Sep 09, 2014 11:45 AM EDT

The Aldabra banded snail (Rhachistia aldabrae) is a small mollusk native to the Indian Ocean island nation of Seychelles. According to the International Union for Conservation of Nature (IUCN) Red List, the banded snail was abundant across the Aldabra atoll - a UNESCO World Heritage Site - in the 1970s, but faced a rapid decline as early as the 1980s. The last individual snail was seen in 1997, and after extensive searches for the snail's survival, it was declared that the species had gone extinct by the end of 2006.

It is thought that climate change (especially dry weather) and its resulting rising sea levels were a major threat to the snail, with its extinction hurried along by rat predation.

However, now experts are reporting that the snail was rediscovered on Aug. 23, according to The Associated Press (AP), and conservationists are celebrating this happy surprise.

According to the AP, a research team from the Seychelles Islands Foundation found seven of the purple-and-pink striped snails in all, with Shane Brice being the first to notice the "extinct" snail crawling about.

"I was so surprised; no one (on the expedition) had ever seen the snail before," Brice said. "It's quite amazing."

The discovery was reportedly confirmed after mollusk experts Vincent Florens and Pat Matyot examined photos the team captured.

Stuart Pimm, a conservation ecology professor at Duke University, noted that although this is great news, the snail likely would not have been missed.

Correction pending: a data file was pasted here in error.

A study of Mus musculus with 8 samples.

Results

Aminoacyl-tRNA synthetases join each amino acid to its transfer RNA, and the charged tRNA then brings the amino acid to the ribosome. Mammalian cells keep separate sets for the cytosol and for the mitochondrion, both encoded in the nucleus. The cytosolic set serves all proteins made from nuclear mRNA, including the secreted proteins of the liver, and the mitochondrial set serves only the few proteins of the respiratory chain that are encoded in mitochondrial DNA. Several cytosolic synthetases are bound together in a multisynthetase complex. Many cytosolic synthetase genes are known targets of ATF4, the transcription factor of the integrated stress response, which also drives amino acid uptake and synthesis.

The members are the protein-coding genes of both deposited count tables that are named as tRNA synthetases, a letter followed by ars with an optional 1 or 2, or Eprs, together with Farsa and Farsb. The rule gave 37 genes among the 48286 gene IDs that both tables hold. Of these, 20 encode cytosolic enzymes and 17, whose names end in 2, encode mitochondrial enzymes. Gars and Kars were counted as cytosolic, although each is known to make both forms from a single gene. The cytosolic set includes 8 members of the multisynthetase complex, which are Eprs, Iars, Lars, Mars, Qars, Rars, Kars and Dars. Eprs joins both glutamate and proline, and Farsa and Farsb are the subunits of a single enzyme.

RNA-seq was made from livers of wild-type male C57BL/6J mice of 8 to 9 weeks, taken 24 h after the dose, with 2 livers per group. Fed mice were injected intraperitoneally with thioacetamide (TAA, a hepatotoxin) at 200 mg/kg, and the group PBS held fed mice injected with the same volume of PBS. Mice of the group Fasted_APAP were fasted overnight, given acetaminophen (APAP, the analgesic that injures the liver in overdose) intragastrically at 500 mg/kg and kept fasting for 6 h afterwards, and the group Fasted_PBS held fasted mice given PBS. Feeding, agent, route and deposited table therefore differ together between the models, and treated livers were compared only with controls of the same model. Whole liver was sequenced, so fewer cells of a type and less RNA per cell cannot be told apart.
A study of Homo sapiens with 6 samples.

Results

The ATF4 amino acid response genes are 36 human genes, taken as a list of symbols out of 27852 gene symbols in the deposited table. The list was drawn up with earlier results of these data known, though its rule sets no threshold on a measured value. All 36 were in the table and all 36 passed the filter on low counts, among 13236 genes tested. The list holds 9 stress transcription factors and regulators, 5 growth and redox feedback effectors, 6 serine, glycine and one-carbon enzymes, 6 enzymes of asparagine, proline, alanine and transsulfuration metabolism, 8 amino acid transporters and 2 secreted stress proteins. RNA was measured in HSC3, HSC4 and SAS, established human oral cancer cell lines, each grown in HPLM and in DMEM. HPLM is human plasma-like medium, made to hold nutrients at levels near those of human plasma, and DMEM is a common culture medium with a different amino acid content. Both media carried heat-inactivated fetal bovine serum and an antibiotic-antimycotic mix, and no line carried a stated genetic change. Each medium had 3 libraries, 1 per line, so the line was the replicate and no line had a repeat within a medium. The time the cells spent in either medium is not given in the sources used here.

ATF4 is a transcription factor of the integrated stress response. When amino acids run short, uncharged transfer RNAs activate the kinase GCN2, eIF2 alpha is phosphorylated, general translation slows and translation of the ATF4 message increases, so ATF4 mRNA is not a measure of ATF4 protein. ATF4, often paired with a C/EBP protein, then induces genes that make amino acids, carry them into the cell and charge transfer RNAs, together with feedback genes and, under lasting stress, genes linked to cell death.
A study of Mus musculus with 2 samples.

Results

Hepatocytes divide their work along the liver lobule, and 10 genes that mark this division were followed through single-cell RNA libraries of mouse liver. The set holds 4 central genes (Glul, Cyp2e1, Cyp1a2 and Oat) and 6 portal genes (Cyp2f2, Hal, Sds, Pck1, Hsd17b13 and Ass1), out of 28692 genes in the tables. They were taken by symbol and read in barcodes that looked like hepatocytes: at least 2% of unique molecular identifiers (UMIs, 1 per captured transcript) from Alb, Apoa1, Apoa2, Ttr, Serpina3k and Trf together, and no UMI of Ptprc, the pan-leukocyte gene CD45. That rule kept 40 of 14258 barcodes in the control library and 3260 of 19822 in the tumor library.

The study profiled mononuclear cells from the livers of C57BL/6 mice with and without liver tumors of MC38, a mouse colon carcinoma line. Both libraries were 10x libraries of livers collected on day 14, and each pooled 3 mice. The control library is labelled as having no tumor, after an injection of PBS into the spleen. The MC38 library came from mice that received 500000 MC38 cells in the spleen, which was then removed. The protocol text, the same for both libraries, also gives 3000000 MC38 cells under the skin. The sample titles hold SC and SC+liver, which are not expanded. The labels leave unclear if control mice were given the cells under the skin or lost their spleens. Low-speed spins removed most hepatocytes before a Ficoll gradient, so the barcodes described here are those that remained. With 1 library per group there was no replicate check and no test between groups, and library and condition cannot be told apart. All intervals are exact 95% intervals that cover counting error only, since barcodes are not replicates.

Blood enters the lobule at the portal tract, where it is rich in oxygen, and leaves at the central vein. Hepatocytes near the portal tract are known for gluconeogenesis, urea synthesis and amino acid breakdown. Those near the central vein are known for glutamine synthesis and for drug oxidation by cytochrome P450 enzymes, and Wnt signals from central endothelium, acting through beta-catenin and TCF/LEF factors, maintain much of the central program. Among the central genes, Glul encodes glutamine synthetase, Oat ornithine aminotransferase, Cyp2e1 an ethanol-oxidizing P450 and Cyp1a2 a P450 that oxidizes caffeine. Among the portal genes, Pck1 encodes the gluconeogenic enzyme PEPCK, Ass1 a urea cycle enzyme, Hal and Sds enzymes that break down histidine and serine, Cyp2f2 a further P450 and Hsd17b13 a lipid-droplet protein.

However, he added, "we simply do not know what species are going to do for us in an economic sense. Probably from the time that somebody baked the first loaf of bread, a housewife said, 'I hate bread mold and I wish it would disappear forever.' And of course we know the scientific name of bread mold is penicillin."

This isn't the first time an extinct species has reemerged in a very niche habitat either. Nature World News previously reported how a nocturnal snake was rediscovered in a small island just off the coast of Mexico.

However, in both cases, conservationists note that they don't know how long the animals really can survive. Their habitats are shrinking fast, and surrounded by saltwater on all sides, the snake and the snail alike have nowhere to go.